I have been and always shall be your friend.
There's not a Trekker (yes, I am an unashamed fan of Star Trek) worth his dilithium crystals who doesn't recognize that quote. Those are Captain Spock's last words to his friend Admiral Kirk in the movie "Star Trek II: the Wrath of Kahn." I remember seeing that movie in the theatre in 1982 with a group of friends, one of whom was a greater Trekker than me. When Spock spoke these words he actually broke down and cried! That movie has become one of my all-time favorites, and not just because it's Star Trek, but because it speaks of honor, self-sacrifice, commitment and brotherhood. We don't see much of those concepts in our culture today. I guess they've become too outdated to matter anymore.
I was reminded of those words last night when I took four of my kids to see the new Star Trek movie. Initially uncertain, I was encouraged by the early buzz concerning the movie and the favorable advance reviews that I read. The movie did not disappoint. The story was filled with action, humor, and honor, self-sacrifice, commitment and brotherhood. Why do I mention those qualities again? Because they mean so much to me. I learned those values from that corny old TV series and began to seek them in the lives of others. How appropriate that this movie premiered the same day that it was announced that Los Angeles Dodger player Manny Ramirez was suspended fifty games for using a banned substance. There's not much honor in cheating, even in baseball. Our culture now celebrates the anti-hero, and sadly, in much of our current forms of entertainment we find that those who should be heroes (the police, government officials, etc.) are among the most corrupt and evil.
I have been blessed throughout my life to see qualities like honor, self-sacrifice, commitment and brotherhood practiced. The good people of the Berea Baptist Church of Jacksonville, AR lived them before me as a child. Friends like David M and Don S (both lifelong friends) continue to live them out in front of me, challenging me to make those qualities real in my own life. I am most blessed to know these people and challenged every day by their example. My greatest hope is that my children will themselves demonstrate those qualities in their everyday lives.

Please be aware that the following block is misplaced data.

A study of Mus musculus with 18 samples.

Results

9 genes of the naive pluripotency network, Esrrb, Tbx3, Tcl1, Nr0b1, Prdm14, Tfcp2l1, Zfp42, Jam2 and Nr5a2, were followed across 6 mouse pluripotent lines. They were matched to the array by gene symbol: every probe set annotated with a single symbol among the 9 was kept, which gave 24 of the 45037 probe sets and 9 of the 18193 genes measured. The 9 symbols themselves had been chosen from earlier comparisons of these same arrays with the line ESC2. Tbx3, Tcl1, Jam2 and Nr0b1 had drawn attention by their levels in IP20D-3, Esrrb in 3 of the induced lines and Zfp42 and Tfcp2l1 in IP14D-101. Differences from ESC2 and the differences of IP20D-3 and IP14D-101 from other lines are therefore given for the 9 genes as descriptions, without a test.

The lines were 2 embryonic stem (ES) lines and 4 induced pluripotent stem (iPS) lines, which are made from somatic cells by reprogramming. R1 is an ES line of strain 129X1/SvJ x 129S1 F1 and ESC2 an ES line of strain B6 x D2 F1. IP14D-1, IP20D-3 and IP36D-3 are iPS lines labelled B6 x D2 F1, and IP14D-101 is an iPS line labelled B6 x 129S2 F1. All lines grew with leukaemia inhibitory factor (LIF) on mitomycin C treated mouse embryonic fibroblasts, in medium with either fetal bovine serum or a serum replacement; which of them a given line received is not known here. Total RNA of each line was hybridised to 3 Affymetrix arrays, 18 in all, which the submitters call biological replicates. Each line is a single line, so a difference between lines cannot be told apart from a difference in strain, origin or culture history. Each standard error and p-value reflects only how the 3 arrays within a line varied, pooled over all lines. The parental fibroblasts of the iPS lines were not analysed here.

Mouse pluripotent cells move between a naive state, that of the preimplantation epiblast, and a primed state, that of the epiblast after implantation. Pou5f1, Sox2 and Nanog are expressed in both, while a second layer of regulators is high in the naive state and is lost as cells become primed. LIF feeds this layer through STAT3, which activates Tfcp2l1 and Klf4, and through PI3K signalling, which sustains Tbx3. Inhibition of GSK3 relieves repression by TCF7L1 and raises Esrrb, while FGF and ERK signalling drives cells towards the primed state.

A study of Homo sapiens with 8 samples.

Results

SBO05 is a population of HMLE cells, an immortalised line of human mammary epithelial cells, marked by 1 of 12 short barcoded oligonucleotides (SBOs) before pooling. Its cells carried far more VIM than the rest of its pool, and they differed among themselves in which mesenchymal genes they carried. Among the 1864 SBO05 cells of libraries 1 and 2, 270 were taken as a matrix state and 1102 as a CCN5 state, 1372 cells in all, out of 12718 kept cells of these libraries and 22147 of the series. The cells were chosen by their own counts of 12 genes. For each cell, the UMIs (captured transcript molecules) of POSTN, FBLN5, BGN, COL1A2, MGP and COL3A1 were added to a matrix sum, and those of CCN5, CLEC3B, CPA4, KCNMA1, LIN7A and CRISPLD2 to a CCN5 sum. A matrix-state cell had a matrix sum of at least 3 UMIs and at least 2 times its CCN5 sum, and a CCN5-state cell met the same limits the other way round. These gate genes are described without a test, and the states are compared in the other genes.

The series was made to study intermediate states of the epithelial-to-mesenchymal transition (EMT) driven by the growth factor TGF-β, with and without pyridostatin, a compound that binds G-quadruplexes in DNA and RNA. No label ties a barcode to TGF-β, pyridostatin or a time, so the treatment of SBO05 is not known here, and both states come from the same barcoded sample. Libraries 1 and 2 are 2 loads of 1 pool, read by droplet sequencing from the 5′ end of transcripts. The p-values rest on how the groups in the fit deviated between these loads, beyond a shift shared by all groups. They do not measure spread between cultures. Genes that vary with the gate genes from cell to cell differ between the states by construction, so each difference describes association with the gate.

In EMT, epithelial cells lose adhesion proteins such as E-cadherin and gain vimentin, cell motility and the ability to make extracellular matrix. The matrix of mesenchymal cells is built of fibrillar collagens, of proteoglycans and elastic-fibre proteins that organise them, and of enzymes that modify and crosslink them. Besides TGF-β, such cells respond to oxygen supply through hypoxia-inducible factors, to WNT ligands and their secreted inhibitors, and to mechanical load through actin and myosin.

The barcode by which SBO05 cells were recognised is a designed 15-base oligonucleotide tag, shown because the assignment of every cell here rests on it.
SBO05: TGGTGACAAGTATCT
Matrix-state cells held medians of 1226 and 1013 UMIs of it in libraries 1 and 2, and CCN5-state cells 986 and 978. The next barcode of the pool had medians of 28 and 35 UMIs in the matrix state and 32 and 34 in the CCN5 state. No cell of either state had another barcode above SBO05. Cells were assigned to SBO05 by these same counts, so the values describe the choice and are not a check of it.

There is a problem, however, those qualities can never be developed on their own. They must spring from a life that has been redeemed by Jesus Christ. I make no aplogies for the fact that Jesus is my Savior, that I have given my life to Him and that I try my best to serve Him every day. The only way that the qualities of honor, self-sacrifice, commitment and brotherhood will ever become real in our lives is through the presence of the Holy Spirit, the gift of God when one receives Christ as Savior. But they don't just happen. They are developed as we submit ourselves to the leadership of the Spirit, allowing him to work in our lives, exposing the hidden things, the favorite evils that we always practice. We're uncomfortable with that process, and we won't even talk about things like confession and granting forgiveness for wrongs done to us.
There is as great a deficit of those qualities in the church as in our society. I wonder how different our churches (and our world) would be if more Christians demonstrated them in an unmistakeable way. Kirk and Spock introduced a young boy to them. People like AJ, Shirley, Cliff, Bro. Dennis, David, Don and others showed me how they are to be practiced. Those folks have been and always will be my friends.